Ontario Highway 10
|Length:||136.6 km (84.9 mi)|
|History:||Established September 1848
Designated February 26, 1920
|South end:||Northern terminus of Highway 410 – Caledon|
| Highway 9 – Orangeville
Highway 89 – Shelburne
|North end:||Highway 21 / Highway 26 – Owen Sound|
|Major cities:||Owen Sound, Brampton|
|Towns:||Markdale, Shelburne, Orangeville, Caledon|
King's Highway 10, commonly referred to as Highway 10 and historically as the Toronto–Sydenham Road, is a provincially maintained highway in the Canadian province of Ontario. The highway connects the northern end of Highway 410 with the city of Owen Sound on the southern shores of Georgian Bay, passing through the towns of Orangeville and Shelburne as well as several smaller villages along the way.
The highway was established in 1920 as one of the original provincial highways. It was extended south by 1937 to Highway 2 in Port Credit. That same year, it became the site of the first interchange in Canada at The Middle Road. Since the late 1990s, the southern end has been truncated to its current terminus north of the Brampton–Caledon border.
Highway 10 follows a route originally carved through the virgin forests of Upper Canada in 1848. Its route has remained largely unchanged since that time, and the highway still divides many of the towns it serves, with the exception of Orangeville. It acts as the base concession road for the Regional Municipality of Peel; perpendicular sidelines are divided into East and West halves in several cases by the highway.
Beginning at its southern end in Caledon, Highway 10 passes to the west of Valleywood, a private community on the suburban fringe of the Greater Toronto Area. The highway presses north-west and rises gently over the Niagara Escarpment, a World Biosphere Reserve. Immediately to the west are the Forks of the Credit, a deep glacial ravine and provincial park regarded for its scenery. The highway passes between several large quarries and enters Caledon Village. Continuing, it reaches Orangeville at Highway 9. The highway passes to the east of Orangville on a bypass, avoiding the business district. At the north end of the bypass, the highway curves and proceeds directly north towards the village of Primrose at Highway 89.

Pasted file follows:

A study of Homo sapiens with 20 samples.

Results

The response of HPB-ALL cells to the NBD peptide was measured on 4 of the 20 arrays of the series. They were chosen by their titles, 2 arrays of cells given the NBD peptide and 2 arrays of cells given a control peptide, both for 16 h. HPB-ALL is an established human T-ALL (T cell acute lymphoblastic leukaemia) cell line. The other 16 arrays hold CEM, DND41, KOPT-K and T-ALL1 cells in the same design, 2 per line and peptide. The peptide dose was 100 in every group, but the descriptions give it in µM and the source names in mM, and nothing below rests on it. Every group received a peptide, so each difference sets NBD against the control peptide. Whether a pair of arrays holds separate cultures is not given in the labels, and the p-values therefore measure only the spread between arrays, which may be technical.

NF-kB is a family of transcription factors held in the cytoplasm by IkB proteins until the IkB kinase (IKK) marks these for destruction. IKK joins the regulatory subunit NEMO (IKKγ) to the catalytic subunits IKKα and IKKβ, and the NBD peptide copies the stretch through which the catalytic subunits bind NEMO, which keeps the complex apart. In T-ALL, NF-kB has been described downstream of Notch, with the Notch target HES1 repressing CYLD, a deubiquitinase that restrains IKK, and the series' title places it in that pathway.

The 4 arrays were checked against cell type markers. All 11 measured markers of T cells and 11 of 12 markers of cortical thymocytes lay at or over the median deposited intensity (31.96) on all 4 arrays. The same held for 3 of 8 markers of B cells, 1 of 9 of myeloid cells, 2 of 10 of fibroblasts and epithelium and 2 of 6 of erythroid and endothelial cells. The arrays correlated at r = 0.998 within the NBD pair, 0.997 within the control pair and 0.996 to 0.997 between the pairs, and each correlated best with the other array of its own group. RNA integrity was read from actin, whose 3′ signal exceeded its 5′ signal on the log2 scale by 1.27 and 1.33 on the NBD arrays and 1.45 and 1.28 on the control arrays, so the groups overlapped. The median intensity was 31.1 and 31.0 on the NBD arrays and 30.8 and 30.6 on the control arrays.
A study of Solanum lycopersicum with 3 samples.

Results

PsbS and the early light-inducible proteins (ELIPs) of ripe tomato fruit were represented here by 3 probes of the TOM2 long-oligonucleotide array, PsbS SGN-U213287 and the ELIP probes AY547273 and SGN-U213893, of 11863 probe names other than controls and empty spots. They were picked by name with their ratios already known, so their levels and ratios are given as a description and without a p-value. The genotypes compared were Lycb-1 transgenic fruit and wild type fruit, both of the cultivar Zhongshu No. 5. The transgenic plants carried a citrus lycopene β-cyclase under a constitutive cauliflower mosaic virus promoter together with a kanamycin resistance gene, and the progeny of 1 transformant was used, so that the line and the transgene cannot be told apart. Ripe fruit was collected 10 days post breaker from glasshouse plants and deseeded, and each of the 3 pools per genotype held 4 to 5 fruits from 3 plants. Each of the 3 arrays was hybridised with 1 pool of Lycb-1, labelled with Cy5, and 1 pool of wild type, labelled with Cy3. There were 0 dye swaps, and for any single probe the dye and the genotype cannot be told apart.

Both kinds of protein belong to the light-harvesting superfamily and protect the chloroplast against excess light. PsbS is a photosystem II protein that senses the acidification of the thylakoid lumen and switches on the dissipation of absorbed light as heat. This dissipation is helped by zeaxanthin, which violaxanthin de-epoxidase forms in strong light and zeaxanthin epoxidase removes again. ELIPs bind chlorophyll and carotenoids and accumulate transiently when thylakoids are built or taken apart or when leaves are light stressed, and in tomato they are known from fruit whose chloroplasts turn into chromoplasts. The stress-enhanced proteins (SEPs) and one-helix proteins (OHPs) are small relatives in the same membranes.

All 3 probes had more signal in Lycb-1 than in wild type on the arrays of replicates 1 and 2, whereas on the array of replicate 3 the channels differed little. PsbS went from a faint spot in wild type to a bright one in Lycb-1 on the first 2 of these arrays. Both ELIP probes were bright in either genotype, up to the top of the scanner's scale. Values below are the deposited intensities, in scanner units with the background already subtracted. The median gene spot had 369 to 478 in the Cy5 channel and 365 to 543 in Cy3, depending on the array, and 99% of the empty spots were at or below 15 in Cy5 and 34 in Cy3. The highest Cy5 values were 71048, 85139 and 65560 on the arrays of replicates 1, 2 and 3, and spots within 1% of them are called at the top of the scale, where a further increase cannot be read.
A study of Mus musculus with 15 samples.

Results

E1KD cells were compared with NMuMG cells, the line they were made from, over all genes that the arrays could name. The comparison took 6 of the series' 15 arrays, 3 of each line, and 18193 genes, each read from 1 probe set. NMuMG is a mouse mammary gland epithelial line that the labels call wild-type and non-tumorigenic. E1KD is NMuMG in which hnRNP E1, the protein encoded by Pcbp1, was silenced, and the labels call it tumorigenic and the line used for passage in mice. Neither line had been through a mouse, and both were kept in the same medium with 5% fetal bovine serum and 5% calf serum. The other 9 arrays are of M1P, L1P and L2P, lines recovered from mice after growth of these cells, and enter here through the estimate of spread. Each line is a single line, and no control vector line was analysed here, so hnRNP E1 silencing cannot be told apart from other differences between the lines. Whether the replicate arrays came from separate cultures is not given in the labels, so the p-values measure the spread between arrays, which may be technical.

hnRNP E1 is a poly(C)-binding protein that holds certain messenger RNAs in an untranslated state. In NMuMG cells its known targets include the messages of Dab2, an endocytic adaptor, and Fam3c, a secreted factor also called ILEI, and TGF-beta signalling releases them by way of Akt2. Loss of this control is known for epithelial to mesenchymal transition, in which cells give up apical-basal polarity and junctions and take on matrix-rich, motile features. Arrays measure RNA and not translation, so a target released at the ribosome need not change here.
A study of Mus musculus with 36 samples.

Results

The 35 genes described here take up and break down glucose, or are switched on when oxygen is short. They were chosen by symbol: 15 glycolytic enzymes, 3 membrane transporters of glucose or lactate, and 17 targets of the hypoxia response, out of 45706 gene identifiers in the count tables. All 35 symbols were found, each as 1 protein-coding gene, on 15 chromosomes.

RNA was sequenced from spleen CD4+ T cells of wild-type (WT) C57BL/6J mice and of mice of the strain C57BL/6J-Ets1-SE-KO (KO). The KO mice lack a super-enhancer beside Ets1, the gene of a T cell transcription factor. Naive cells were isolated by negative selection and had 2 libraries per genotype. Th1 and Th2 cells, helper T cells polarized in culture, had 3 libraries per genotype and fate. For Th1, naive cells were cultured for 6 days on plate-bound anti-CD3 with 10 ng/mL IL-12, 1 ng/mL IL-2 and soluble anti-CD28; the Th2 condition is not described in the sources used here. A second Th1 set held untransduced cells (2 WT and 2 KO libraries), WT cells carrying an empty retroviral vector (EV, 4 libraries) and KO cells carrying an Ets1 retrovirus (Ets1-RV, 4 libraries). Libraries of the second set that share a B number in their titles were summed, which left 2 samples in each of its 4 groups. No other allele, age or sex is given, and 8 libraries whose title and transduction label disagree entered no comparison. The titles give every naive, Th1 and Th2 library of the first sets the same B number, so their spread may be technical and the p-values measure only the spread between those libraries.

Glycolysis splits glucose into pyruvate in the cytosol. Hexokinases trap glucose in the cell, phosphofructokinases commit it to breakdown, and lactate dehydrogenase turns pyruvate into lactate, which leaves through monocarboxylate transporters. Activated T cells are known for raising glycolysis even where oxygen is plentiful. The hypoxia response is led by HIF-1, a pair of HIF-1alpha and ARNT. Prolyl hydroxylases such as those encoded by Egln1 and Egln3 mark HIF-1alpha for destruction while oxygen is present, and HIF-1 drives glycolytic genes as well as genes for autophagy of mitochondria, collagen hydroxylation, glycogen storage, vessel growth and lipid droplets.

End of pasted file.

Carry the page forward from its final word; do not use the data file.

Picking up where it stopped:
Highway 10 turns west, becoming concurrent with Highway 89 for a short distance, into the town of Shelburne. The concurrency ends in the centre of Shelburne, as Highway 10 splits and turns north and then resumes its north-west course. From Shelburne to Owen Sound, the road follows the course of the Toronto–Sydenham Road, a colonization road that predates the division of the land in this area. As such, the road follows a meandering path at an angle to the survey grid.
Historically, Highway 10 follows a combination of the 19th-century stage coach route known as the Toronto–Sydenham Road that ran north from Highway 5 or (Dundas Street) in Cooksville through Brampton, Orangeville and Shelburne to Owen Sound. It was first designated as a provincial highway on February 26, 1920 when the newly formed Department of Highways assumed the road. It was later extended when the provincial government assumed the road running south to Highway 2 in Port Credit on the north shore of Lake Ontario. At that point, the total length of the highway was 166 km.
In 1968, a by-pass around Orangeville was completed.
In 1998, due to the combination of increasing urbanization and the presence of the parallel Highway 410 through most of the corridor, the provincial government repealed the connecting link agreement for the southernmost 31 km of the highway running through Brampton and Mississauga, which was already effectively under the control of their respective municipal governments.
In 2009, Highway 410 was connected to Highway 10 about 500 metres north of Highway 10's southernmost terminus at the border of Brampton. The 500-metre "orphaned" segment is now discontinuous, and while still technically part of the highway, is only linked to the rest of the highway via a suburban road, and is signed "Hurontario Street" rather than "Highway 10".
Also in 2009, a major project to widen single-lane sections of the southern portions of the highway was completed, and the highway is now four lanes wide from Highway 410 north to Camilla. From Shelburne north to Owen Sound, it remains two-lane highway with several "passing lanes" in hillier regions.
|Highway 2 (Lake Shore Boulevard)|
|Highway 410 south|
|Formerly Highway 24|
|Highway 9 east|
|Highway 9 west|
|Highway 6 south|
|Highway 21 south / Highway 26 east|
|1.000 mi = 1.609 km; 1.000 km = 0.621 mi
- Shragge, John; Bagnato, Sharon (1984). From Footpaths to Freeways. Ontario Ministry of Transportation and Communications, Historical Committee. ISBN 0-7743-9388-2.